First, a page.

What Is the Positive Directional Indicator (+DI)?
The Positive Directional Indicator (+DI) is a component of the Average Directional Index (ADX) and is used to measure the presence of an uptrend. When the +DI is sloping upward, it is a signal that the uptrend is getting stronger.
This indicator is nearly always plotted along with the Negative Directional Indicator (-DI).
- The +DI is a component within the Average Directional Index (ADX). The ADX is designed to show trend direction as well as trend strength.
- Designed by Welles Wilder for commodity charts on the daily frame, it can be used for other markets or timeframes as well.
- When the Positive Directional Indicator (+DI) is moving up, and above the Negative Directional Indicator (-DI), then the price uptrend is strengthening.
- When the +DI is moving down, and below the -DI, then the price downtrend is strengthening.
- Crossovers between the +DI and -DI are sometimes used as trade signals as the crossover indicates the possibility of a new trend emerging.
Formula for the Positive Directional Indicator (+DI)
+DI=(ATR S +DM)×100where:S +DM=Smoothed +DM+DM (Directional Movement)=Current High−PHPH=Previous HighS +DM=(∑t=114+DM)−(14∑t=114+DM)+(C +DM)C +DM=Current +DMATR=Average True Range
How to Calculate the Positive Directional Indicator (+DI)
- Calculate +DI by finding +DM and True Range (TR).
- +DM = Current High - Previous High.
- Any period is counted as a +DM if the Current High - Previous High > Previous Low - Current Low. Use -DM when Previous Low - Current Low > Current High - Previous High.
- TR is the greater of the Current High - Current Low, Current High - Previous Close, or Current Low - Previous Close.
- Smooth the 14-periods of +DM and TR using the formula below. Substitute TR for +DM to calculate ATR. [The calculation below shows a smoothed TR formula, which is slightly different than the official ATR formula. Either formula can be used, but use one consistently].
- First 14-period +DM = Sum of first 14 +DM readings.
- Next 14-period +DM value = First 14 +DM value - (Prior 14 DM/14) + Current +DM
- Next, divide the smoothed +DM value by the ATR value to get +DI. Multiply by 100.
What Does the Positive Directional Indicator (+DI) Tell You?
Traders will typically follow the position of +DI versus -DI. When +DI is greater than -DI there is said to be a bullish trend. Thus, when +DI crosses above -DI it signals the potential for a new price uptrend.
When -DI is above +DI the price is in a bearish trend. When -DI crosses above +DI it could signal the start of a downtrend in price.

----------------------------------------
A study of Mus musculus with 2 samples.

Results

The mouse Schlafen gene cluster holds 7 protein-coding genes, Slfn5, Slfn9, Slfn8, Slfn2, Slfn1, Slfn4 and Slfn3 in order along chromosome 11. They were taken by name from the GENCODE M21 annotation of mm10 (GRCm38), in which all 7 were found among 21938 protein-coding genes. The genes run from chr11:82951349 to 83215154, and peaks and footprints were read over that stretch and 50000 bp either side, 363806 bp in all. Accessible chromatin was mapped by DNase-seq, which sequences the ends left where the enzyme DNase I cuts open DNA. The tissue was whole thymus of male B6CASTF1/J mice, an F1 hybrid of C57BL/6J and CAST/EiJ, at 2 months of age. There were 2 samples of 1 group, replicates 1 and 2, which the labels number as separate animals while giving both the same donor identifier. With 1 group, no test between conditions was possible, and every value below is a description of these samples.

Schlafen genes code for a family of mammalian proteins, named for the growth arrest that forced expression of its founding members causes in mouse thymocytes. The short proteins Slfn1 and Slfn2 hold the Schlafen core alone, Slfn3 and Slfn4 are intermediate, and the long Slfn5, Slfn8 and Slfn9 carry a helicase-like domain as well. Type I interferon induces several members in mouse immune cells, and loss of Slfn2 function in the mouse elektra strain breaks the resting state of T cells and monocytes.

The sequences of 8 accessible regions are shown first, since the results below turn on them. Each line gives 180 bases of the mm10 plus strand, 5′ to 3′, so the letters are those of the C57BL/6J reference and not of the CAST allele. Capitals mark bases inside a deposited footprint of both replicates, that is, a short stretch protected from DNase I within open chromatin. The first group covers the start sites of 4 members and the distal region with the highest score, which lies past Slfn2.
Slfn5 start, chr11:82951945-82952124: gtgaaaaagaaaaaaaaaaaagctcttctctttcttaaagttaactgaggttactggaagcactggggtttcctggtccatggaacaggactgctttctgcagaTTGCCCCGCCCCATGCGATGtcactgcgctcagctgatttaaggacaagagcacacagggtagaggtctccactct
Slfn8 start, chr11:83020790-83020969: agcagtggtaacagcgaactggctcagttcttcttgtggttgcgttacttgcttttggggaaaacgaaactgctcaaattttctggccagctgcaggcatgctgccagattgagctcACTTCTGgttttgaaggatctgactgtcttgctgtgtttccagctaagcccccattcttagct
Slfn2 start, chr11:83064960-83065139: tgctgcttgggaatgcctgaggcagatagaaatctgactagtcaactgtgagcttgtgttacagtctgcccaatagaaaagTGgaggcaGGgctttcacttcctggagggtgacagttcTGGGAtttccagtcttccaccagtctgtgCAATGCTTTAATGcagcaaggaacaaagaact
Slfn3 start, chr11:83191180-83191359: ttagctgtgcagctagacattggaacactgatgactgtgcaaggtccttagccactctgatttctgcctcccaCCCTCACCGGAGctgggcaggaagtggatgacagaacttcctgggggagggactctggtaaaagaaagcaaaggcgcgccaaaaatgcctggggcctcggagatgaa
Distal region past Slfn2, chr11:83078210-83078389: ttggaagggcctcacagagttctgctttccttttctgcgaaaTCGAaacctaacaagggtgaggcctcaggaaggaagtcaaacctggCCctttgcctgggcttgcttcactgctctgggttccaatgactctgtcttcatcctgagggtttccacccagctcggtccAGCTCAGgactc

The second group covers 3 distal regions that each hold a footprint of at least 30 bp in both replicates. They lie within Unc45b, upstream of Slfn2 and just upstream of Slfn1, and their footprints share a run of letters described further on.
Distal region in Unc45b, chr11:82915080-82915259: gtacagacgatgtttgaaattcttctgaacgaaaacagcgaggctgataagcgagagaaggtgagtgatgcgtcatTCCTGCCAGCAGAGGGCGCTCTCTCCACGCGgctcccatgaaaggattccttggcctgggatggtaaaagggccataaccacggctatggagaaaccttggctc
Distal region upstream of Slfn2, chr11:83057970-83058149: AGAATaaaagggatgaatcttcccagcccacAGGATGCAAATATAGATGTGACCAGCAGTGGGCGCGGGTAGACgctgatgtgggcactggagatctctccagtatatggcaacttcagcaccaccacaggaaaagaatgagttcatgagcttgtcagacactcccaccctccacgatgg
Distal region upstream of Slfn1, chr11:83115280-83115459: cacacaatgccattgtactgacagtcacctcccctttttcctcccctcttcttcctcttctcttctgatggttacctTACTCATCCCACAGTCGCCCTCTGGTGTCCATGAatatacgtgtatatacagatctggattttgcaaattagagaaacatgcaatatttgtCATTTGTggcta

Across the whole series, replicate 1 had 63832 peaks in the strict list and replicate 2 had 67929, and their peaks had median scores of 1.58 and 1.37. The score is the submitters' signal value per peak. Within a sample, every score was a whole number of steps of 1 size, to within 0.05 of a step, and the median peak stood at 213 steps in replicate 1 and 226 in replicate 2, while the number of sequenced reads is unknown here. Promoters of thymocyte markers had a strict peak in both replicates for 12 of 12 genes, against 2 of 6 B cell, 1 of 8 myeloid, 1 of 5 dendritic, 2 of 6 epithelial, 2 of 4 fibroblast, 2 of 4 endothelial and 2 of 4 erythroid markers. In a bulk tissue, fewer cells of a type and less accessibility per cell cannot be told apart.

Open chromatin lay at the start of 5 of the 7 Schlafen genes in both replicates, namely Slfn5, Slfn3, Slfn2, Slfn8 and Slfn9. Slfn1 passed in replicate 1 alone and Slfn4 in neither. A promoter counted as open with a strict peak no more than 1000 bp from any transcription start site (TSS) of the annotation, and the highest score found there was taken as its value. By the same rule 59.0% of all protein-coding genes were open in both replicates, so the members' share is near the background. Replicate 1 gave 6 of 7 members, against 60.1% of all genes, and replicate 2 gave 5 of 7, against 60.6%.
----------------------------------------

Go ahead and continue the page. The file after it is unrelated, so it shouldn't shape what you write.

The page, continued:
The +DI and -DI, combined, are called the Directional Movement Index (DMI). This system can be enhanced by the addition of the Average Directional Index (ADX).
ADX shows the strength of a trend. Wilder reported that a strong trend can be evident when the Average Directional Index is greater than 20, and especially 25.
In this way, all the lines can be used together. When the ADX is above 20, and the +DI is above (or crossing) -DI then long trades should be favored. When ADX is above 20 and the -DI is above (or crossing) +DI then short trades should be favored.
The Differences Between the Positive Directional Indicator (+DI) and a Moving Average
While the +DI tracks positive price movements, there are several differences between it and a moving average. A moving average is the average price of an asset over a set time period. The +DI is only factoring in the current high minus the prior high, when applicable. Due to the calculation differences, a moving average will provide different information to a trader than the +DI.
Limitations of Using the Positive Directional Indicator (+DI)
Used on its own, the +DI indicator doesn't reveal much. In order to provide value, it is combined with the Negative Directional Indicator (-DI). This way, traders can gauge which direction has more force and also spot crossovers that may signal new trends.
A third line, called the ADX, is also often added. This line shows trend strength by taking a smoothed average of the difference between +DI and -DI.
Even with these additional lines, the indicator can still produce faulty signals. Crossovers may occur but no trend in price develops. Also, the indicator is looking at historical prices and therefore isn't necessarily predictive of where prices will go next.